I Hereby Declare Deodorant No Longer a Big Deal
in Korea. As any NorAm expat in Korea will attest to, the Korea is not known for its fabulous selection of deodorants. In fact, deodorant has for many been one of those must-bring-from home items. It certainly was for me.
Actually, I always got my deodorant hookup through my parents. They’ve probably sent me a six month-supply of deodorant every four months for the last five years. I recently began to run out but I’d unfortunately just received a care package from my mom and felt it in bad form to immediately ask for another. What’s worse, I was supposed to ask her to get me some deodorant but I forgot, and nothing makes my wife more angry than when I forget something. This is a particular problem for me, as I have an awful memory. I told Miyoung I would have to go into Dongdaemun Market or Itaewon and try to find some deodorant, because I couldn’t live without it. Miyoung told me “You forgot, it’s your problem. You solve it without wasting a whole day in the process.”
After thinking for a while I realized that they do in fact sell deodorant in Korea, but until recently it’s only been branded to women.
I’m talking about Rexena.
Now I pack a pretty powerful odor when given the chance, and I am not usually in the business of trusting my confidence to something that comes in soothing pastel colors. As cliche as it sounds, I need a man’s deodorant. But necessity is the mother of trying new stuff, and so I bought the first stick of Rexena I’ve seen that’s made for men.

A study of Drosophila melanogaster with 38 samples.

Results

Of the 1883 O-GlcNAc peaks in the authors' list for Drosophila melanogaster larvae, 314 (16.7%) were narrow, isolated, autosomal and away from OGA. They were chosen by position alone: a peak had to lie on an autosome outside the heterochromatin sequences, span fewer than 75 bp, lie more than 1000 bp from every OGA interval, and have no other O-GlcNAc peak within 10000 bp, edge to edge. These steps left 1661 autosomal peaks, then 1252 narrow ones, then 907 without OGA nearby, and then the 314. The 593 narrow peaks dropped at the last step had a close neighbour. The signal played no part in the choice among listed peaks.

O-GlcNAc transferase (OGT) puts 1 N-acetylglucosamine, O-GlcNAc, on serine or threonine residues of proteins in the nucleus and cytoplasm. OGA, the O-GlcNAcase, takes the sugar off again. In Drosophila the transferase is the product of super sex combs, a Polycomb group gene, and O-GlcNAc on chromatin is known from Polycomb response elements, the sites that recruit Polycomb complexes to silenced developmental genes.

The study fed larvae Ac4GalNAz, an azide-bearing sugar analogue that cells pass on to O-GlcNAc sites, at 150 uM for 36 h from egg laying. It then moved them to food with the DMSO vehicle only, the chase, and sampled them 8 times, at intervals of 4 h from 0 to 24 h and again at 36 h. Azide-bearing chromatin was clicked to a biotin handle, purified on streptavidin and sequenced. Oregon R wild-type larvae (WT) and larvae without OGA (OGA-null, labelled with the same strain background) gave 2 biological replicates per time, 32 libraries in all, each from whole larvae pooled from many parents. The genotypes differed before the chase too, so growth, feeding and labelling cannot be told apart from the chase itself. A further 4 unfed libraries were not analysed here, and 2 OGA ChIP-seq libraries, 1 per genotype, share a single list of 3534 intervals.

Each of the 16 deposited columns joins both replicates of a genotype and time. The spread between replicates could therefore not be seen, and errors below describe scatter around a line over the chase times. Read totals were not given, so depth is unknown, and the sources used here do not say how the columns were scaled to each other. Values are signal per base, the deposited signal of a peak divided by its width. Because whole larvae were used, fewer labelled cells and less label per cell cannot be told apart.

My review: At 4,200 for a tiny tube, Rexena is somewhat expensive, but compared to the inconvenience associated with getting deodorant from back home or a foreigner market, it’s worth it. Unfortunate it seems even more expensive when you see how soft it is. It seems to run out a good deal quicker than your average stick deodorant, because it has the consistency of ice cream. Not that it melts, but if ice cream had the same consistency at room temperature as it does at its peak.
How does it work? I wanted to wait until I really got a chance to test it out before posting a positive review of it here, and I got that test yesterday. I spent the entire hot and humid day in a suit, managed to keep the sweating down and when I got home and took off the jacket found that there was no smell at all. Rexena is the real deal.
And so, my expat compatriots, rejoice, for one more of life in Korea’s little inconveniences is a thing of the past.